Tuesday, May 16, 2017

China, now esconced in the Big League, seeks to revive ancient “Silk Road” that brought it glory and prosperity in eras past. Its aim: to assume super-power status as Pax Americana trends toward isolation. With new markets China keeps myriad factories humming, thus lifting many more of its billion people out of poverty---smart strategy.

The ancient caravan route along the "Silk Road" as it began from ancient Xi'an in China all the way to Europe

President Duterte being welcomed to the Beijing Belt and Road Forum by President Xi Jinping


It’s often said that China always does everything big---in accordance with its size. The much-ballyhooed two day-forum, the “Belt and Road Forum (BRF)” in Beijing that has drawn many nations across the earth---super-powers such as Russia and the United States, middling-stature states like the Philippines, as well as needy countries in South America and Africa such as Chile and Kenya.

The glittering BRF event hosted by Chinese President Xi Jinping gathered 1,500 delegates, among them government leaders from over 130 countries, including 39 heads of state, among them the ASEAN leaders such as our President Duterte. Also present was Russian President Vladimir Putin, and all of them lined up to meet the host,  President Xi.   


For its super-global debut China has committed loans of about US$890B from the China Development Bank, to fund 900 BRF infrastructure projects worldwide, . Among the projects to be financed will be the construction of new railways, airports, ports, highways, etc. all across the various continents, spanning 65 countries. These countries represent 60% of the world’s global population, commanding around a third of global GDP.   


Moreover, by expanding its trade routes to their historic pre-eminence, China also seeks to gain NEW MARKETS---or sustain existing ones---so that they could continue to absorb the outputs of China's mighty and aggressive industries. Smart move, as these industries are expected to rescue China’s teeming millions from the frightful prospect of unemployment---and the subsequent unrest which this huge Communist nation cannot afford.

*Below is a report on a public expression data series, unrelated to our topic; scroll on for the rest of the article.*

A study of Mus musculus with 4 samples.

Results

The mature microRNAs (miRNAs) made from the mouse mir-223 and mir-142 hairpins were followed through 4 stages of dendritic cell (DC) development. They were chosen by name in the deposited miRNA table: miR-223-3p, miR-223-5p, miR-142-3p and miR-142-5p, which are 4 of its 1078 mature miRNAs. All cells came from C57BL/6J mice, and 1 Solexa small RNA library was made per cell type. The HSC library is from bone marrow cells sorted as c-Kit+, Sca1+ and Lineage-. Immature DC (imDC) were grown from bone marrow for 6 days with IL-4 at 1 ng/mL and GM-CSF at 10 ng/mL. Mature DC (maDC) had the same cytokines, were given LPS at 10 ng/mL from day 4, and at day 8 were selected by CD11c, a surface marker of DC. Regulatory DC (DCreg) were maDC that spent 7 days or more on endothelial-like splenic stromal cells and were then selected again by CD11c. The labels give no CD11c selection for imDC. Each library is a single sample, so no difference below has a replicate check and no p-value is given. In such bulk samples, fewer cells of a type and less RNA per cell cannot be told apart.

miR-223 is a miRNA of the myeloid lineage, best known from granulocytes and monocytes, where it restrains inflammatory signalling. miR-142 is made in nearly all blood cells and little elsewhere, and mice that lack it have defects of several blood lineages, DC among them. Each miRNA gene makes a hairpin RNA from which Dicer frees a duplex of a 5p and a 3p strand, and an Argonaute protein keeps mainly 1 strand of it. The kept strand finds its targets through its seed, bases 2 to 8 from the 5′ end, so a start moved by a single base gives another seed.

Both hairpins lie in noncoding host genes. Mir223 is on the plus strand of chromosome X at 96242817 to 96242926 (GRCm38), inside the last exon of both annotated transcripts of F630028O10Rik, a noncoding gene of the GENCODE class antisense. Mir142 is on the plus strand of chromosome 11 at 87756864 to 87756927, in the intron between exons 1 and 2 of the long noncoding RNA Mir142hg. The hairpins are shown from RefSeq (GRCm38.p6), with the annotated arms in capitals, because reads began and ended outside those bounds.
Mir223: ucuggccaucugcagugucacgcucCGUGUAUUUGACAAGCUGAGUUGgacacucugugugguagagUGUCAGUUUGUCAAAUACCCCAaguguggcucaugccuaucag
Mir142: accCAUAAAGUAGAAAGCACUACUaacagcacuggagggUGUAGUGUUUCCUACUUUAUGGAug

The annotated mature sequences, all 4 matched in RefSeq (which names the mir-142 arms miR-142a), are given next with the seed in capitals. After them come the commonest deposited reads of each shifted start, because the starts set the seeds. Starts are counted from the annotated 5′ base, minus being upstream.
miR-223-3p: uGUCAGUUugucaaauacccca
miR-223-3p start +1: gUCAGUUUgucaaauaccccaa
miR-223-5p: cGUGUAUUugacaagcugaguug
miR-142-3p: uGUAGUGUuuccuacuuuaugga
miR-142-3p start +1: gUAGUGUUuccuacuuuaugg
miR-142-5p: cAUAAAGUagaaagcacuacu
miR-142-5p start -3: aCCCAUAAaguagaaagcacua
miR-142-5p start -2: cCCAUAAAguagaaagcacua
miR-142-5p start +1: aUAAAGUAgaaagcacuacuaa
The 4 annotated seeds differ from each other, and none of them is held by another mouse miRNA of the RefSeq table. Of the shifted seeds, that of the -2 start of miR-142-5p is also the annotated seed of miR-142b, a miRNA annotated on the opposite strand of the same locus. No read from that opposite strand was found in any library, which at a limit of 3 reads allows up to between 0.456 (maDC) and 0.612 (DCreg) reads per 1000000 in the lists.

But the biggest motivation for China is to wrest world leadership away from the United States and become the world's No. 1 Superpower. This it seeks to do by enticing new friends to line up for China’s huge loans that are being issued, in many cases, as with the Philippines, without any conditionalities, or so they say. This is something that the US, with its heavy fiscal imbalance, cannot afford to match.


The “Silk Road” was a famous trade route across this vast continent, with its merchants riding in camel caravans that used to carry products of ancient China, notably its silks and spices, from the ancient capital city of Xi’an to clear across the Mongol Empire and Siberia---to parts of Europe and even up to Russia.


The limits of his Yuan kingdom were Mongolia and Siberia in the north;  South China Sea, Tibet and Yunron in the Southwest; Xinjiang and Central Asia in the Northwest, and even West Asia and Russia. The legendary Kublai Khan was said to have given the Italian explorer Marco Polo a hospitable welcome and a high post in the court.


It is this ancient route between East and West, reaching all the way to the Roman Empire in the heart of Europe---that seeks to link eastern China, central Asia, Russia and Europe in a gigantic trade alley--- that the current Chinese leadership wants to resuscitate, through the various modes of modern travel. THE GOAL IS POLITICAL VIA ECONOMIC---TO FIND NEW MARKETS FOR THE OUTPUT OF CHINA'S MYRIAD FACTORIES. 

Continuous factory work, in turn, will keep one billion Chinese happy and enjoying POST-REVOLUTION PROSPERITY AND UNPRECEDENTED HIGH STANDARD OF LIVING. And side by side, it is this fabled route all across Asia and Europe that modern-day China now seeks to revive---as it grapples for WORLD LEADERSHIP now that Pax Americana seems to retreat to its reclusive self.

Smart geo-political strategy as China makes a giant leap on the world stage. The recent huge international hoopla in Beijing over the fabled “Silk Road” is the stuff of ancient dreams.